Viewport: That's a Wrap!
- By J.R. Dailey
- Air & Space magazine, November 2001
Early in May we celebrated the rollouts of three restorations at the National Air and Space Museum’s Paul E. Garber facility. The Aichi M6A1 Seiran, the Hawker Hurricane, and the Pitts Special Little Stinker were the stars of the show, and they are the last projects we’ll do for a while.
“Garber” is what used to be called “Silver Hill,” the name of the Maryland neighborhood where it is located. In June 1980 the facility was renamed after Paul Garber, who joined the Smithsonian as its aviation curator in 1920 and acquired the heart of the aeronautical collection. Whether you call the place Garber or Silver Hill, it is recognized as a world-class center for aircraft restoration and hallowed ground for aviation enthusiasts worldwide.
Inside the shop in Building 10, such historic aircraft as the Boeing B-29 Enola Gay; Jack Northrop’s first flying wing, the N-1M; a Messerschmitt Me 262; and a Nieuport 28 were restored by our specialists. The Enola Gay will be one of the centerpieces at the Steven F. Udvar-Hazy Center at Virginia’s Dulles Airport when it opens in December 2003.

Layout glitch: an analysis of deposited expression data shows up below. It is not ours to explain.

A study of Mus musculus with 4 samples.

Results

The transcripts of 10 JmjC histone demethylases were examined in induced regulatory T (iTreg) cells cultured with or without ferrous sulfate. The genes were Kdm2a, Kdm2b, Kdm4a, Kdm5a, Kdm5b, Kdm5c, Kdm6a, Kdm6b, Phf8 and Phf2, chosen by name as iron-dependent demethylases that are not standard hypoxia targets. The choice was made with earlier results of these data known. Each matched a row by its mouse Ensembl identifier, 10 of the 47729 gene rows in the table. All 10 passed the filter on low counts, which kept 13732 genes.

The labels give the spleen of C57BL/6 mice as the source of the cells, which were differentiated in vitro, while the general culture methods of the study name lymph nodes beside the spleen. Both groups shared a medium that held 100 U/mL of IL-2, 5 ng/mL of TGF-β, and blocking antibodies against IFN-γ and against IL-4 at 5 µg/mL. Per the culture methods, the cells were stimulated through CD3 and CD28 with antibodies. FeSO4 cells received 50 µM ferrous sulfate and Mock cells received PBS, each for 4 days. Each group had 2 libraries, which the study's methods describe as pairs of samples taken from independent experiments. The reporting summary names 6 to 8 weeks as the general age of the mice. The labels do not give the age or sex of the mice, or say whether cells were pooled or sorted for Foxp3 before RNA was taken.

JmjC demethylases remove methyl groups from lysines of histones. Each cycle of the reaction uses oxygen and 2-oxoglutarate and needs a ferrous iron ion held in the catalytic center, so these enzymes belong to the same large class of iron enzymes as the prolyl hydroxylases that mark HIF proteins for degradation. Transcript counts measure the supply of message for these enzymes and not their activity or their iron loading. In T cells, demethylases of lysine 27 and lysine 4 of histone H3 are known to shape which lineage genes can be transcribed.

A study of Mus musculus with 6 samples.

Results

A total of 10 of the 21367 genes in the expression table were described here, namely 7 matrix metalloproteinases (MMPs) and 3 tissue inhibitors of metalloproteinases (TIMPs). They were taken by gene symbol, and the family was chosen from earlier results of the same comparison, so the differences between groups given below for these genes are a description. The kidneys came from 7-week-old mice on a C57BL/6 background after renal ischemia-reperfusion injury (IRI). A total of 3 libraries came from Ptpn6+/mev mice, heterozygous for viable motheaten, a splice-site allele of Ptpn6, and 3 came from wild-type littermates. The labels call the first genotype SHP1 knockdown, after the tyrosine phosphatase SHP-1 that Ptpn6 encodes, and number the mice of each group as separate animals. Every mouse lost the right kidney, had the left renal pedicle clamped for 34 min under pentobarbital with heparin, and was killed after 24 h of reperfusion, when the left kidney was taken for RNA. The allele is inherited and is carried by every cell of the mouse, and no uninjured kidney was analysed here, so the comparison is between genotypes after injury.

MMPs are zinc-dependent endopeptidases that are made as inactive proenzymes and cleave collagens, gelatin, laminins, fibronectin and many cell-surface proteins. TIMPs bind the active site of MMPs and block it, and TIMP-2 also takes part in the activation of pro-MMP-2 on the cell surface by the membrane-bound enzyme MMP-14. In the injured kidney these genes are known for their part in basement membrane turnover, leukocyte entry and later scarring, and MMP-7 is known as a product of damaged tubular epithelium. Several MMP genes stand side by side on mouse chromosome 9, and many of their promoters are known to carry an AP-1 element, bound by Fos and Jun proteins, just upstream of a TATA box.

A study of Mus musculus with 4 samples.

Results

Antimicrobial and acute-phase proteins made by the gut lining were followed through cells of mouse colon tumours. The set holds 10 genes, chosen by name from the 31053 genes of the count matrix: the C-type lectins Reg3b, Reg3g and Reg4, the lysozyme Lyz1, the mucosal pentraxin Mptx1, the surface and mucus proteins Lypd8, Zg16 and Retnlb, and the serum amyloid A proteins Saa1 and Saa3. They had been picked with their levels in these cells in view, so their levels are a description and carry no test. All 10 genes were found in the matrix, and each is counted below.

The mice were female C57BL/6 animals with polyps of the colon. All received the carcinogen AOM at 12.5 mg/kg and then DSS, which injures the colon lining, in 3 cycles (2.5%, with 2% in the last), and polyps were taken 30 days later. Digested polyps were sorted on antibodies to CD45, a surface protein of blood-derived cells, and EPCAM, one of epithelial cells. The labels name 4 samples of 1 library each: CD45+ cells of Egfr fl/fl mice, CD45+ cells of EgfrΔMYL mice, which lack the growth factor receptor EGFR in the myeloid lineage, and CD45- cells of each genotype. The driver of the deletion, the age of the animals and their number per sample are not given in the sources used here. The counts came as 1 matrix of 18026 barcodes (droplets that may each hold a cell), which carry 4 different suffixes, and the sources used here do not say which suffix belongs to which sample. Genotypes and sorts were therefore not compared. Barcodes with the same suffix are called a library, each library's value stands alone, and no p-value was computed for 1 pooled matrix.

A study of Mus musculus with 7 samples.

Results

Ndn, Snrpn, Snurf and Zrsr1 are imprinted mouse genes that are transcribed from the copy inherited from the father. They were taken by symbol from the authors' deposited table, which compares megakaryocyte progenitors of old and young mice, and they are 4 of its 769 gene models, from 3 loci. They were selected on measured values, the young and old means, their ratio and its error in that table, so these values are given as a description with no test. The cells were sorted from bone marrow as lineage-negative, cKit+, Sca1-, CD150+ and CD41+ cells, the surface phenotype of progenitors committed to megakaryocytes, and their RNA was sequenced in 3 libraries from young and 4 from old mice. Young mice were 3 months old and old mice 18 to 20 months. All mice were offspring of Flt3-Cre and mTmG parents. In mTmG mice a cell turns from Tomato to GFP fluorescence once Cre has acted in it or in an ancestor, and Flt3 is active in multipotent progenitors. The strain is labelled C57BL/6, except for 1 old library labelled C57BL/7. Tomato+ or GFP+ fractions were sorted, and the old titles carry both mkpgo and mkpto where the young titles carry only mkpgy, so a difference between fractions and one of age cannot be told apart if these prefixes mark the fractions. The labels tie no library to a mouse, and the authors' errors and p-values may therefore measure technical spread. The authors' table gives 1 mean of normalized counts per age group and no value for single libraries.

And with the advent of the move into the Udvar-Hazy Center, the Garber staff has turned its attention to preservation and preparation efforts. All the air- and spacecraft are being readied for installation at the new facility, and over 50 have been prepared already. We expect to begin moving the collection in early 2003, when the restoration shop will also move to Dulles. We’ll resume aircraft restoration as soon as the move is complete.
It is particularly appropriate that the Aichi Seiran was one of the final major restoration projects to be completed at Garber. The Seiran is a perfect example of the level of detail and the depth of research that go into one of our restorations. The results are beautiful to behold and as historically accurate as possible.
When we started the Seiran project, we found extensive corrosion that affected even the wing spar. We encountered the same situation when we began work on the floats. The skins had to be removed and the corroded structure repaired—a tremendously tedious process. Inside the wings were many interesting bits of history, several of which are described in “Team Seiran,” a companion piece to “All and Nothing,” a feature story about the Seiran in this issue (see p. 22).
The Seiran’s history has only recently come to light, and most visitors tell us they have never heard of it. Enthusiasts in Japan also expressed intense interest, and several interns from Japan helped to ensure that the markings are accurate. The Tamiya model company donated funds to restore the floats, and we received $1,000 from a group in Japan who had pooled their resources.
The final phase entailed building a beaching dolly for the aircraft. The only information we had was from photos, and our reproduction, while as accurate as we could make it, speaks to the Garber spirit. With its glossy enameled- steel frame and Douglas-fir deck, it’s a beaching dolly fit for the emperor.